Prevalence of male circumcision
Progress towards increased coverage of male circumcision
Compelling evidence indicates that male circumcision reduces the risk of men heterosexually acquiring HIV infection by approximately 60%. Three randomized controlled trials have shown that male circumcision provided by well-trained health professionals in properly equipped settings is safe and can reduce the risk of acquiring HIV. Other benefits of medical male circumcision include the reduced risk of some other STIs, including human papillomavirus, the cause of cervical cancer. The World Health Organization (WHO) and UNAIDS recommendations emphasize that voluntary medical male circumcision should continue to be provided as an additional efficacious HIV prevention option within combination prevention for adolescents 15 years and older and adult men in settings with generalized epidemics to reduce the risk of heterosexually acquired HIV infection. Voluntary medical male circumcision services should be provided as part of a package of prevention interventions including safer sex education, condom education and provision, HIV testing and linkages to care and treatment, and management of sexually transmitted infections.
Number of male respondents aged 15–49 who report that they are circumcised
Number of all male respondents aged 15–49 years
Population-based surveys (Demographic and Health Survey, AIDS Indicator Survey, Multiple Indicator Cluster Surveys or other representative survey)
Every 3–5 years
- Age (15–19, 20–24, 25–29 and 30-49 years)
- Source or practitioner of circumcision procedure: formal health-care system or traditional
- Cities and other administrative areas of epidemiologic importance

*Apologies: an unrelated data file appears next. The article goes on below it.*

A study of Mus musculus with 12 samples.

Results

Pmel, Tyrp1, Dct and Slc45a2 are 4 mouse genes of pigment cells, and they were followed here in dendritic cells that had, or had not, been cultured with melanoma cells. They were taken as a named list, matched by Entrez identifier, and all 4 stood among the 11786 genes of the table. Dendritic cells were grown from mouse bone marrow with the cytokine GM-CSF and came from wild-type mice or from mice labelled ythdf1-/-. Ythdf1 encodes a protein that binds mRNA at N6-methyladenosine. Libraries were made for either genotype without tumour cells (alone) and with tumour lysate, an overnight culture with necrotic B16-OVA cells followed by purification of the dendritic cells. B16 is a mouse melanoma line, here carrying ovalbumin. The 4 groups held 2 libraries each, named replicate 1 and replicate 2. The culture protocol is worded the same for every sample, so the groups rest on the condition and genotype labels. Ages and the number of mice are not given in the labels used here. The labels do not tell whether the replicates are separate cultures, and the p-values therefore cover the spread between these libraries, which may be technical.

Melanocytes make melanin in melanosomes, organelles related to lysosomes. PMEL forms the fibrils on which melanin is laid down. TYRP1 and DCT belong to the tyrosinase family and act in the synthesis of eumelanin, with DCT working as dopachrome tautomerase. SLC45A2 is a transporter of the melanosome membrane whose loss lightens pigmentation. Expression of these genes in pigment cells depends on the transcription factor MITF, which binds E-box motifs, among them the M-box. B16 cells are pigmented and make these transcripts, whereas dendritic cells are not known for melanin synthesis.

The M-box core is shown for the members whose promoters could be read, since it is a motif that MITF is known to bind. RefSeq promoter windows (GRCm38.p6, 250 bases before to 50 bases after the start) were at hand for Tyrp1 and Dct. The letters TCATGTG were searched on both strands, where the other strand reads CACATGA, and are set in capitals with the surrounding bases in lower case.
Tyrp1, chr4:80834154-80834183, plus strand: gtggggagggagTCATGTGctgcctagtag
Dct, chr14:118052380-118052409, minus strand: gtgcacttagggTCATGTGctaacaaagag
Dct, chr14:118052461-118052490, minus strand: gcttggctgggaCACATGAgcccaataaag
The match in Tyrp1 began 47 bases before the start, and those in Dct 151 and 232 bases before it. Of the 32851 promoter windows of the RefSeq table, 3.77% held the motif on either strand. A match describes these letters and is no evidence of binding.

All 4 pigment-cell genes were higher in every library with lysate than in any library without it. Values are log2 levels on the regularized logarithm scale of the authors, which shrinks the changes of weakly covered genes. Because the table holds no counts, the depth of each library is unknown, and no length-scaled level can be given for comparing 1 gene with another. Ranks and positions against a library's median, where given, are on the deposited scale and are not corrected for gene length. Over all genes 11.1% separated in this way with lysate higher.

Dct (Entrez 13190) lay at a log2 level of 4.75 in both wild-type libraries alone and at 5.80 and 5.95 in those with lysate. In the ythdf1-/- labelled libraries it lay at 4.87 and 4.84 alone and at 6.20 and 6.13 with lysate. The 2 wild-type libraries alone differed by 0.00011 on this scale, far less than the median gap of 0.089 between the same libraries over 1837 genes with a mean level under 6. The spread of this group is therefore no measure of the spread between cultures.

Please provide city-specific data for this indicator. Space has been created in the data entry sheet to provide information for the capital city as well as one or two other key cities of high epidemiological relevance: for example, those that have the highest HIV burden or have committed to ending AIDS by 2030.
A programme may or may not change the rate of male circumcision. For example, changing societal norms not caused by a programme may lead to changing rates of male circumcision. This indicator measures the total change in the population, regardless of the reasons.
Existing population-based surveys (such as Demographic and Health Surveys) may not accurately measure true male circumcision status because people may lack knowledge of what male circumcision is, be confused about their circumcision status or perceive the social desirability of circumcision status. Other approaches to determining circumcision status might be used: for example, using photographs or drawings (drawings may be more culturally appropriate), prompts or even direct examination. Modelling how changing rates of male circumcision can potential affect HIV incidence requires accurate knowledge of male circumcision status over time.
Preventing HIV through safe voluntary medical male circumcision for adolescent boys and men in generalized HIV epidemics: recommendations and key considerations. Geneva: World Health Organization; 2020 (https://apps.who.int/iris/rest/bitstreams/1296029/retrieve).
A guide to indicators for male circumcision programmes in the formal health-care system. Geneva: World Health Organization and UNAIDS; 2009 (http://whqlibdoc.who.int/publications/2009/9789241598262_eng.pdf).